What are Subprime Loans and Who Qualifies?

Subprime loans are loans that are made to borrowers with blemished credit. Individuals with low credit scores, as measured by the Fair Issacs Corporation, or FICO, can use sub-prime loans for their needs. A subprime loan carries an interest rate that is well above the prime lending rate offered to borrowers with good credit scores.

History of Subprime Loans

Subprime loans began sometime around 1993 as a way to increase lending opportunities to individuals with bad credit. A subprime loan offered a way for lenders during that time to extend a hand out to borrowers that were unable to purchase a home with traditional conventional requirements. The loans were meant to assist borrowers that were technically able to pay for a loan, but, because of other circumstances (like credit) were unable to purchase.

 Hybrid Subprime Loans

Hybrid loans were loans that were fixed for certain amount of time, and then the loans were changed to adjustable loans. The most popular loan types were interest-only loans, 2/28 and 3/27 loans. The 2/28 loan, for example, had a fixed rate for 2 years, and the remaining 28 years of the loan were adjustable rates.

Additionally, interest-only loans were a benefit to borrowers because they only paid the interest on their loans for a period of 5 or 10 years. At the end of the 5 or 10 year cycle, the loan would be recalculated into a fully amortized loan. The remaining loan term typically resulted in larger monthly payments for the remaining term of the loan.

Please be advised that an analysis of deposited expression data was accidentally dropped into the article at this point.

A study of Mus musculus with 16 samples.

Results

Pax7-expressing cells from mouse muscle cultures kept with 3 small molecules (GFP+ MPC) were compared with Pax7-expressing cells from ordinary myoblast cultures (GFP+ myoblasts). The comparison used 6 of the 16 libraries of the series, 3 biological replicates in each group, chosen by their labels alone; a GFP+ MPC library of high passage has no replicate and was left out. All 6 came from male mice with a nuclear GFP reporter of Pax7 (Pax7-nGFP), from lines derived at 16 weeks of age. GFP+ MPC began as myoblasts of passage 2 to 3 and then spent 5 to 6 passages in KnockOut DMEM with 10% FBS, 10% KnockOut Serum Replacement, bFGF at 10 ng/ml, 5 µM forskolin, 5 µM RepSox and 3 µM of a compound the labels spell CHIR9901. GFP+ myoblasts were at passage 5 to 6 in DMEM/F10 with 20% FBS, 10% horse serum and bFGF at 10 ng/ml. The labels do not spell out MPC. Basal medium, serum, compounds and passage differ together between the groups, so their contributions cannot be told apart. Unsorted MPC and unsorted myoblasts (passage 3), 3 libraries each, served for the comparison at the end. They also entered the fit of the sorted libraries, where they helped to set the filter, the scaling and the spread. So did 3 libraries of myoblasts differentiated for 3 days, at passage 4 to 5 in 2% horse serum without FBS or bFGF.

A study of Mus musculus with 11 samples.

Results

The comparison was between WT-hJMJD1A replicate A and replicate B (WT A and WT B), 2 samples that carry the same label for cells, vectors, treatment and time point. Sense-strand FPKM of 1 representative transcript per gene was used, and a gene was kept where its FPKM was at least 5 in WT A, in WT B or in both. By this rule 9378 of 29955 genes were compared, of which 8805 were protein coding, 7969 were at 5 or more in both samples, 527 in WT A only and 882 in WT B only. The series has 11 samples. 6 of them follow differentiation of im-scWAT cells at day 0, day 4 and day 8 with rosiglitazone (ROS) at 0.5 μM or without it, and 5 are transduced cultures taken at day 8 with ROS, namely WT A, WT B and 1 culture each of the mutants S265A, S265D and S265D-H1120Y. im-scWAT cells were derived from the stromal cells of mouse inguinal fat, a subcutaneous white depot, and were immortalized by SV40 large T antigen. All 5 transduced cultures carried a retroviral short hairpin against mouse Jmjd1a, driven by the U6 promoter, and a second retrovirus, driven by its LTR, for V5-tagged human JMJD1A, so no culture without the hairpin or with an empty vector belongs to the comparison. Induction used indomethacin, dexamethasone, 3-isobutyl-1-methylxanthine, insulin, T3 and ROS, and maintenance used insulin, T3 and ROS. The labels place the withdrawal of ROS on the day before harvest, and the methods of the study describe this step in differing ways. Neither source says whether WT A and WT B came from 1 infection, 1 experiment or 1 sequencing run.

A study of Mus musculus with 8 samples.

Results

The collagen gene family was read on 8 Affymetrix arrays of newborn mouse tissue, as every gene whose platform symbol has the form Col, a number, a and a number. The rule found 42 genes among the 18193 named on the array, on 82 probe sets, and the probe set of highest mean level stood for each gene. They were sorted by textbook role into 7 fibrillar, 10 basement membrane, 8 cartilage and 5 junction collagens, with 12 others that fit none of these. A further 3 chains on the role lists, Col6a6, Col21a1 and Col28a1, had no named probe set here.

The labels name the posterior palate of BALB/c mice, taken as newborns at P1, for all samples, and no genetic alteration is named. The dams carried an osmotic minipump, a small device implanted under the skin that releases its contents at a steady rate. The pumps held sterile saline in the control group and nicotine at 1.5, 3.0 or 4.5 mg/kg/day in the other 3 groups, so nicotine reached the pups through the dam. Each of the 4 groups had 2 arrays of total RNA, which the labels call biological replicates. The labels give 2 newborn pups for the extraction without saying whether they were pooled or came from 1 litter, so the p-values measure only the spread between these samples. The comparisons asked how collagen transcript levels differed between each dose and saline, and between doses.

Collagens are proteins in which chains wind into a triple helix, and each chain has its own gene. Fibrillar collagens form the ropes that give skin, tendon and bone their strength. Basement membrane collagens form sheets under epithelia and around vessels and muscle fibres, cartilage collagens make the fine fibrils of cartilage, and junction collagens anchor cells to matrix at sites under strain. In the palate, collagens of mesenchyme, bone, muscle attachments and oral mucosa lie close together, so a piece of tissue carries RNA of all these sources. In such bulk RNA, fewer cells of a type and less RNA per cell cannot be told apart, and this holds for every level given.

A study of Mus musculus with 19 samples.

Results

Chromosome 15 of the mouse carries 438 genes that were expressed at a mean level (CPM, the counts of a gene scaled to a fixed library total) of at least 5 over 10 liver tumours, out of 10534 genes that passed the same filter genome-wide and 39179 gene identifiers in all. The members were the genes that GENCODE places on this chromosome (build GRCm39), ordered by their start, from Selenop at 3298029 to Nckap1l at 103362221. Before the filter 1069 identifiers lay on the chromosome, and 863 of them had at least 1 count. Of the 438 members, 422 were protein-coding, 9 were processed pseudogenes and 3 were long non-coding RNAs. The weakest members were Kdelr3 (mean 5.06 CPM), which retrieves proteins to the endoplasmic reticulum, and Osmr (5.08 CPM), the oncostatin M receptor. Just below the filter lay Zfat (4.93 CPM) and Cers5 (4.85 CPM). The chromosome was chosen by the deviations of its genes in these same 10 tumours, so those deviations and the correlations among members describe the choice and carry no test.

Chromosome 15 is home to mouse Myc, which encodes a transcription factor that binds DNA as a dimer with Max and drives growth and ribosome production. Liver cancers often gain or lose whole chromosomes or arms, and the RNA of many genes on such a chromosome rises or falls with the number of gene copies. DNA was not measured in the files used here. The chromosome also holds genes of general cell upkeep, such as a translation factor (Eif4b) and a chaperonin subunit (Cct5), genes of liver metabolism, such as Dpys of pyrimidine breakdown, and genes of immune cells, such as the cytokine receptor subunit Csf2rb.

The problem with hybrid loans is that if the borrowers were unable to refinance the loan, prior to the end of the interest-only period or after the fixed term, they were subject to a much higher monthly payment.

Fixed Rate Subprime Loans

Fixed rates were also offered for subprime borrowers. Fixed rates loans had significantly higher rates, typically 2-4 percent higher. The payments were often incredibly higher which made adjustable rates more and more attractive to borrowers.

In addition, the hybrid and interest only products gained popularity because rates were low for ARM loans and because sales prices were high. Many people could not qualify for a home loan without taking out a special financing loan.